Keriat Hatorah - Reading of the Law
 Baal Koreh
 Laws of Keriat Hatorah
 The Haftarah
 Musical Notes - Teamim
 The Ten Commandments
 The Music of the Teamim
 Sections Read in Different Tunes

The music of the Teamim is probably the most ancient form of Jewish music. Although the signs of the Teamim started to develop in the sixth century and were fixed in the tenth century by Aaron ben Asher, the musical tradition is much earlier. The saintly Rabbi Yehuda Hechasid of the twelfth century in his work Sefer Chasidim uses the term Missinai (from Sinai) in connection with Biblical cantillation implying that the music of the Biblical Teamim was given to Moses on Mount Sinai.



Today we don’t know exactly how the Teamim were sung in ancient times because of the lack of musical notation in those days. Nowadays there are different musical traditions in Kriat Hatorah: the German (West European), Lithuanian (East European), Spanish, Yemenite, Iraqi, Syrian, Moroccan and Egyptian. They are all different variants of the Teamim. Nevertheless, there are similarities in melodic structure and direction showing that all traditions evolved from a common ancient origin.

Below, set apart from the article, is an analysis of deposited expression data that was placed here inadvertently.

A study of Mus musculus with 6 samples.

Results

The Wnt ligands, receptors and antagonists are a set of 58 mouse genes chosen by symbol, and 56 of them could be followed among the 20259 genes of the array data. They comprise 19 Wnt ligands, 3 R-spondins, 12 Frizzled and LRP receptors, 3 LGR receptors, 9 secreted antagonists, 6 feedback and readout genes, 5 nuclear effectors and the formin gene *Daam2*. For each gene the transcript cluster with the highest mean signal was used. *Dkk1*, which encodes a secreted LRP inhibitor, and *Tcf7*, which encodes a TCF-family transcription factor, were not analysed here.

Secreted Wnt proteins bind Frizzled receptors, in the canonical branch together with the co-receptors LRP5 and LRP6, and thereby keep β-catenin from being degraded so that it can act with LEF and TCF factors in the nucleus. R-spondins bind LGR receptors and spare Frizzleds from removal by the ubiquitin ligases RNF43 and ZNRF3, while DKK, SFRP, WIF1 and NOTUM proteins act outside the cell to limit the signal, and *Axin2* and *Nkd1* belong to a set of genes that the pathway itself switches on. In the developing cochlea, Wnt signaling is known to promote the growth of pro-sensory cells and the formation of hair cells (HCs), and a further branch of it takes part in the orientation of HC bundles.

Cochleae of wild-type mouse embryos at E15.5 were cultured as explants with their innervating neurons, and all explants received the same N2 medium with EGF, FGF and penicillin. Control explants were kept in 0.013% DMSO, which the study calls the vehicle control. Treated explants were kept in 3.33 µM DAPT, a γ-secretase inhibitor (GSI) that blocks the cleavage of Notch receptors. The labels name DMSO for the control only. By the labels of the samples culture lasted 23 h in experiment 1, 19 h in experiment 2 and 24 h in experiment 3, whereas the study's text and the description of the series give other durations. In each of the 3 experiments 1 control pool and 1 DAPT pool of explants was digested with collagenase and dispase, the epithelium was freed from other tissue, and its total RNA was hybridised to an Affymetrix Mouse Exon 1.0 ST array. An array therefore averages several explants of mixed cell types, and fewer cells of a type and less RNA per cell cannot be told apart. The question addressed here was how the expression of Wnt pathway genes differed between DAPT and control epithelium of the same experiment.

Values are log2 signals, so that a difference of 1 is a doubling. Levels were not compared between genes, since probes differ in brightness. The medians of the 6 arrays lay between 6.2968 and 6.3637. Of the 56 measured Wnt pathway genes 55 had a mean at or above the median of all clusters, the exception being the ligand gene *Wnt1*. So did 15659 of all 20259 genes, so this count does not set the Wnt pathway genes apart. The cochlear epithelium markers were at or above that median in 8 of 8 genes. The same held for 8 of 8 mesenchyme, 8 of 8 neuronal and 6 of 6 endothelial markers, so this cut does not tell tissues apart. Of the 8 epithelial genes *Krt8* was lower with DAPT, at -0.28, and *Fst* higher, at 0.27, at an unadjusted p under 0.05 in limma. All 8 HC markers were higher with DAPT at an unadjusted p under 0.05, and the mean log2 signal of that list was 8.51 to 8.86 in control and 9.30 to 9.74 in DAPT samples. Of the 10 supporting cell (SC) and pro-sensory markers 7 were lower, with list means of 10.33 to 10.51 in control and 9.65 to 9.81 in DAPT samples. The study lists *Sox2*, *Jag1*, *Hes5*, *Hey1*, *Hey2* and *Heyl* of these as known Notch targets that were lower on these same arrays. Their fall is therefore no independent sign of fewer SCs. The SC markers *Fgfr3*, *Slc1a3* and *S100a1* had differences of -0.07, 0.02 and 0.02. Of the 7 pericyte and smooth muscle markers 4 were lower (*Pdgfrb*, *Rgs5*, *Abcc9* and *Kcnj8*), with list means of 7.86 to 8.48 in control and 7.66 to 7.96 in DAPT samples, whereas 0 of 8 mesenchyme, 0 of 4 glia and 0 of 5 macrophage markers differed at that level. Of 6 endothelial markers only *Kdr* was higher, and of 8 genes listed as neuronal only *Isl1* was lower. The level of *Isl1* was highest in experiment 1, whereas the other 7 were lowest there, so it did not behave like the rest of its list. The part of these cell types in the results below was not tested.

There are six different musical sets of Teamim, although the signs and basic structure remains the same. They are:




  1. The Torah mode
  2. The Torah High Holidays mode
  3. The Haftarah (Prophets) mode
  4. The Shir Hashirim (song of songs), Rut (Ruth) and Kohelet (Ecclesiastes) scrolls mode
  5. The Eicha scroll mode
  6. The Book of Esther mode


The musical tradition used here is based on the Lithuanian (East European) style.